Ron Kujawski | Garden Journal: Time to deal with plant damage from last winter


I've been thinking a lot about winter lately. No, the heat of last weekend didn't fry my brain that happened long ago. Nevertheless, my thinking has focused on the unusual amount of damage to trees and shrubs, especially, but not exclusively evergreens, caused by the yo-yo weather conditions this past winter. As an example, if you'll recall (I know you would prefer to forget) back on Jan. 21, daytime temperatures in much of the area did not get above zero and the nighttime temperature dropped to as low as -18 F. Three days later, temperatures rose to the mid-50s, followed less than a week later by temperatures again well below zero. Similar events were repeated in February.

I'm sorry to bring up these chilly facts, but it does help explain why so many boxwoods, rhododendrons, yews, junipers and other evergreens experienced so much dieback of branches. Typically, I advise people to wait until the second week of June before declaring individual branches or entire plants to be dead. If by now, there are no signs of new growth, assume the worst. Either prune off the dead shoots or dig up entire plants showing no signs of life.

Keep in mind that pruning out dead portions of plants now does not end there. Removing the dead shoots will most likely leave a badly misshapen plant. As such, additional pruning this year and perhaps for a few years ahead will be needed in order to restore the natural shape of affected plan


Enough reminiscing of weather I'd prefer to forget. Now, here are some tasks that should not be forgotten:

- Side dress sweet corn when plants have developed eight leaves and again when tassels appear. Side dressing is not some new sartorial fad. Rather it refers to the application of fertilizer in bands adjacent to plants, such as along rows of corn or in a circle around summer squash. Since sweet corn is what we call a heavy feeder, meaning it requires more fertilizer, particularly nitrogen, than other crops. While a side dressing of a general purpose garden fertilizer, such as one with an analysis of 10-10-10, will suffice, high-nitrogen fertilizers, including urea, blood meal, fish meal, alfalfa meal or liquid seaweed fertilizer, are preferred. Follow label directions for rates of application.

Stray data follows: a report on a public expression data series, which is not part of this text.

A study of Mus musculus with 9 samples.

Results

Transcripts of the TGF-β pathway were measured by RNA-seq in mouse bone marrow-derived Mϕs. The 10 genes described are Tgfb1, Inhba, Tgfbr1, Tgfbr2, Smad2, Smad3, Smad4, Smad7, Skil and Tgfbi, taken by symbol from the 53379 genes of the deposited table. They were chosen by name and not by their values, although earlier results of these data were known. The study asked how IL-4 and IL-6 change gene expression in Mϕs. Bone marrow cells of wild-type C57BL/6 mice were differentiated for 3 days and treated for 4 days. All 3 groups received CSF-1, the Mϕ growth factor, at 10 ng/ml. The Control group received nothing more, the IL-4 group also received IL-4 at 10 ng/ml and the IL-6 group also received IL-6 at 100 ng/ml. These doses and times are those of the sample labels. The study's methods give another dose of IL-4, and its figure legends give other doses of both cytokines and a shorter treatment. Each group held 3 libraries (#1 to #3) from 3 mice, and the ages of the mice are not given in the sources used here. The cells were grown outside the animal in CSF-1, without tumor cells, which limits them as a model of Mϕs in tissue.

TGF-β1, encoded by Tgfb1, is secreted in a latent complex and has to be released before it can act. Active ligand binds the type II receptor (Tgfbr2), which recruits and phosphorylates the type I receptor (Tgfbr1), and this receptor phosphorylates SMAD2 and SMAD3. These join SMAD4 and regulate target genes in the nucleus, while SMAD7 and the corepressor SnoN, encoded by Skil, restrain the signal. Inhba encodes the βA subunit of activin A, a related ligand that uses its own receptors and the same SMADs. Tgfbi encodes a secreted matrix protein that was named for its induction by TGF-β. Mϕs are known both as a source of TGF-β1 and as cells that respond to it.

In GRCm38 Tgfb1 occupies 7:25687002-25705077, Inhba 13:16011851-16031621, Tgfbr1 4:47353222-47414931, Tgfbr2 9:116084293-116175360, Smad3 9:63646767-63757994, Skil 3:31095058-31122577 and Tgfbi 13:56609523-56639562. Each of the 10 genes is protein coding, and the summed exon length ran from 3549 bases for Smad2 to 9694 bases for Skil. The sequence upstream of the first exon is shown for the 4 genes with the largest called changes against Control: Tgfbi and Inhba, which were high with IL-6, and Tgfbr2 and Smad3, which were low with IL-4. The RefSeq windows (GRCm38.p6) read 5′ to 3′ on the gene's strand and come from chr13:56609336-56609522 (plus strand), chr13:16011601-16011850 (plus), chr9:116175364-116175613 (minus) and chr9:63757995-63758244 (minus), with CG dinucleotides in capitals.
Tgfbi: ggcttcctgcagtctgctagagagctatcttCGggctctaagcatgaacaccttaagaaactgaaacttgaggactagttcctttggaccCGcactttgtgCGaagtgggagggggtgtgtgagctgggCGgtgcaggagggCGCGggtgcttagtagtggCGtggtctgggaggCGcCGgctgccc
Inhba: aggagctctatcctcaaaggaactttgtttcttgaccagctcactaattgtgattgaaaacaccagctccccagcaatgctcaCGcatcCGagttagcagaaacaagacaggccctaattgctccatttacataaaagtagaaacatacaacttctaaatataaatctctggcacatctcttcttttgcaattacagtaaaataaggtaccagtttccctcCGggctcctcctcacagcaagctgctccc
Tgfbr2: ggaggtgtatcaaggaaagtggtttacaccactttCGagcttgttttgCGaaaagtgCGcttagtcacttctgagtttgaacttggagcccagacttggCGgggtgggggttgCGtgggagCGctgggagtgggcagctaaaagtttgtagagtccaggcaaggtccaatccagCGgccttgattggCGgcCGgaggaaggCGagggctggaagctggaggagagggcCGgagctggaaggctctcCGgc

- Cultivate the soil between rows of potatoes and then draw the loose soil up and around the lower portions of the plants. "Hilling" potatoes in this manner keeps the tubers cool, promotes development of more potatoes along the plant stem, and prevents potatoes that might otherwise be near the soil surface from turning green. Hilling also reduces weed problems. Continue hilling whenever the plants reach a height of 8 to 12 inches.

- Don't worry about cupping or a little rolling of the lower leaves of tomato plants. This is a normal physiological response to abnormal weather conditions, e.g. cool nights or prolonged periods of rain. While it may occur at any time during the growing season, this type of leaf roll occurs most often the transition from spring to summer. However, leaf rolling accompanied by yellowing or spotting, especially later in the season, may indicate pest, disease or environmentally related problem.


- Check for snail and slug activity in vegetable and flower gardens. These slimy critters thrive in the moist environment resulting from frequent rains. Slug baits, such as beer in shallow pans, set in the soil around slug susceptible plants should provide sufficient control.

- Prune off the lower branches from trees that are casting too much shade over vegetable and flower gardens. This will allow more light to penetrate. Just be sure that the trees are on your property or else your neighbor may cast some shade over you.

- Divide crowded clumps of bearded iris soon after the flowers have faded. Replant each clump so that the top of the rhizomes are just exposed above ground level.

- Hark, ye savers of poinsettias! Yes, there are many of us who save our Christmas poinsettias in hopes of getting them back in bloom again by Christmas. Begin the preservation process by cutting the plant(s) back to six inches in height and set the trimmed plants outdoors. Keep the potting soil moist, but not soggy wet, through the summer and apply a water-soluble plant fertilizer once per month. Also, pinch the tips every few weeks to promote bushy growth. Mark your calendar now to bring the plants back indoors by the first of September.

- Be aware that the plants in pots or hanging baskets are exposed on all sides to the drying effects of wind and sun. On hot, windy days, you may have to water them more than once. Darker colored containers will absorb more heat, which can get seeds and transplants off to a faster start, but these containers will need more watering if they are in direct sunlight. Lighter-colored containers might be a better choice for most people.

- Plant some tall zinnias and snapdragons if you only have space for a tiny cut-flower garden. In floral arrangements, the round form of zinnia flowers contrast nicely with the vertical lines of snapdragons. Both are long-lasting as cut flowers and the plants will continue to provide blooms until frost.                                                            


My good friend and fellow plant enthusiast, Liz Stell, sent me a list of suggested plants other than the crown vetch I mentioned in last week's column for stabilizing steep banks. Among these are Bouteloua curtipendula (sideoats grama), Elymus canadensis (Canada wildrye), Schizachyrium scoparium (little bluestem) — my daughter's favorite — and Sporobolus heterolepis (prairie dropseed). The latter grass can be viewed heading west along Route 102 in Stockbridge at the Berkshire Botanical Garden, but do drive slowly or visit the garden.